On the Future of Academic Law Libraries

While I was in D.C., a library director whom I'd just met wondered why there weren't more younger people at the Academic Law Library of 2015 workshop. I didn't have a ready answer, and I've been thinking about it ever since. There were actually a number of reasons.

First, I confess that my (possibly superficial) impression of the pre-workshop listserv discussion was that many of the issues on it were things that had been hashed and rehashed for years with little action. No thanks. (I have subsequently heard good things about the workshop, so I'm happy my impression was incorrect or that the listserv didn't otherwise accurately preview the workshop.)

My other personal issue with getting to the workshop was working with a shortened travel schedule, because I also went to CALI. The best I could do with that was get to D.C. in time for the late morning CONELL exhibit hall.

Finally, and perhaps most important, I've only now noticed in the workshop description that the target audience is listed as "academic law library senior managers." This does not describe me, nor many of my most talented peers--future directors and AALL presidents certainly among them. Granted, 2015 is not far in the future and there are some young-ish librarians that fit that description, but if one is really interested in the future of libraries, one should make sure that ALL the librarians who will be making and living it are invited.


I'm aware there was also some to-do about where the young law librarians were at the business meeting and member forum during the conference. (I'd been planning to go but didn't, because I ended up working the Gen X / Gen Y Caucus booth. Oh, irony.) I do think it takes a few years to figure out the association and gain a level of interest to support attending the business meeting. I went to part of one my first year (and haven't been back since), and it wasn't really clear to me that I was supposed to be there, to be honest. I'm pretty sure I'm not alone in having had that experience.

Meanwhile, what I'd like to know is, where are the older law librarians showing an interest in the younger generation? Yes, quite a number support CONELL, but that's for newer librarians, not necessarily younger ones. Bob Oakley was a marvelous supporter of the Gen X / Gen Y Caucus from its first meeting, and I think of him fondly every year during our meeting. Jim Milles attended last year. This year, board member Chris Graesser attended our meeting (and witnessed our first election), and president Catherine Lemann joined her for our social. I may be missing some stealth boomers, but that's not very many.

Like the business meeting, Caucus meetings and socials are open to all law librarians. The former is now a must on my agenda for next year. I sincerely hope there will be some more generational cross-over in the other direction too.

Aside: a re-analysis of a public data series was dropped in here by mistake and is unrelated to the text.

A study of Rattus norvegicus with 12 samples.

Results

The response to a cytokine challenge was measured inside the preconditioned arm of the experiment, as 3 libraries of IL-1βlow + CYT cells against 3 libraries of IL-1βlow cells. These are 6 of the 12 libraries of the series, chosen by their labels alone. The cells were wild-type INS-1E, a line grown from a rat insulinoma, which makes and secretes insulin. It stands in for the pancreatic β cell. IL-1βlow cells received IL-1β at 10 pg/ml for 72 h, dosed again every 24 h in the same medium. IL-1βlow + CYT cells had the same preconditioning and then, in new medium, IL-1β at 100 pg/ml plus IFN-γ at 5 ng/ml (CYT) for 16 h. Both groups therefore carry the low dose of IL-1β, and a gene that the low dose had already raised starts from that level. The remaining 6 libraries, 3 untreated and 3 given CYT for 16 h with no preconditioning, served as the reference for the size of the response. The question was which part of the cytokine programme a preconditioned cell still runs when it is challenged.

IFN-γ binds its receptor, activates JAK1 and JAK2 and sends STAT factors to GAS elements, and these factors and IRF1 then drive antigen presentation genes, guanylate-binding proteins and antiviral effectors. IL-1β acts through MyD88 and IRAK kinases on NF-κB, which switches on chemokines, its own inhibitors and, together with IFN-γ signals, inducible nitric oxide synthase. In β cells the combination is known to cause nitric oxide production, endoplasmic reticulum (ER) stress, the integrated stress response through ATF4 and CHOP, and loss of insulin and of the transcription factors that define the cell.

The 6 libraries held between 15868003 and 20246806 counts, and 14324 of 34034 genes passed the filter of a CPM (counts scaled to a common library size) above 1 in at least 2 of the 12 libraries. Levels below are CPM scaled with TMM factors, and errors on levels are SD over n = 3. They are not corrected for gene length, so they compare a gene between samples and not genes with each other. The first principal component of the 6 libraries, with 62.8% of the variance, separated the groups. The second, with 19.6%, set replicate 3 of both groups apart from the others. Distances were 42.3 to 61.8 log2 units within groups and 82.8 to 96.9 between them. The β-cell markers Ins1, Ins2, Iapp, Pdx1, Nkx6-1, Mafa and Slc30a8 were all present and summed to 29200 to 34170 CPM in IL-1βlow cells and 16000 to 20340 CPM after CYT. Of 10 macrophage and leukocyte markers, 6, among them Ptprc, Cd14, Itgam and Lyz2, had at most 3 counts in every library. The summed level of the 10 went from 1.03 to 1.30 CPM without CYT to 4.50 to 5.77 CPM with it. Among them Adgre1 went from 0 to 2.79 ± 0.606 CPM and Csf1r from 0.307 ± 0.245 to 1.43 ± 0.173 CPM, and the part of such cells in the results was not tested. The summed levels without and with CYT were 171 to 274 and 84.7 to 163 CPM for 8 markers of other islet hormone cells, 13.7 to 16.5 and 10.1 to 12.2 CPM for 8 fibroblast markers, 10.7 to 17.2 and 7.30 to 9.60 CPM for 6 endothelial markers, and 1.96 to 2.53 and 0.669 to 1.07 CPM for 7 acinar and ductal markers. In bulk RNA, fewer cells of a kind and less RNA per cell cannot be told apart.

Ryan Harrington August 3, 2009 at 10:08:00 AM EDT  

I agree with your major points about the workshop: that we weren't on the invite, and that the listserv discussion beforehand and the write up of the workshop did not make lead me to believe the day would be productive. Forget about the $200 registration fee.

I would add just one thing, that the unconference was scheduled on Saturday pm.

The unconference had a very participatory-friendly format (eg you could walk away from a conversation you thought was dead--never an option at a workshop), or you could continue a conversation that held your interest (not an option when there is a schedule).

The unconference also managed to draw some cross-generational participants. I think this indicates that it is not the age of AALL members that contributes to our disconnect. I think format, cost, and time played a much bigger role.

Victoria Szymczak August 3, 2009 at 11:12:00 AM EDT  

As someone who sits on the cusp of boomer and Gen x (depending on which report you are reading)and works with a range of ages at my school and in AALL, I have to agree with Ryan. I know ideas and energy are not determined by chronological age, but by attitude. I'm happy to read this posting. It alerts me to the fact that the caucus is open to all librarians and that it is looking for commentary and participation from more senior people in the profession. So, I'll be sure to go next time around. I hope the success of Lawberry camp is not lost on AALL program planners. No one likes to sit and listen to people lecture at them which tends to be the format of choice at AALL.

Betsy McKenzie August 3, 2009 at 2:33:00 PM EDT  

I honestly didn't know geezer librarians were welcome at the GenX/GenY Caucus. I shall plan on haunting them in the future.

Anonymous August 3, 2009 at 2:50:00 PM EDT  

Yes, I've been encouraging our older librarian peeps to join the cauus. And AALL Pres. Cathy Lemann actually came to the caucus dinner at Busboys & Poets. :)

Francis Norton August 3, 2009 at 4:53:00 PM EDT  

Like Vicki, I am also a "cusper," but thought that I was too old for the caucus. I'll be sure to bring my oxygen tank to the next caucus meeting.

Jason Eiseman August 3, 2009 at 7:01:00 PM EDT  

You really hit the nail on the head. Awesome post. It seems there's a lot of movement that can be made on all sides.

No single group is to blame. But I definitely didn't feel like that workshop was for me when I saw it.

Anne M. August 31, 2009 at 8:34:00 PM EDT  

I'm a senior law library manager and I didn't think the workshop was for me, either -- it seemed to be focused on directors and public services people, of which I am neither. As Ryan said, the listserv discussion beforehand underlined that for me, and a $200 registration fee was out of the question.

I'm sorry I didn't get to any of the GenX/GenY events. Next year I'll get to at least one, now that I know geezers can be there, too.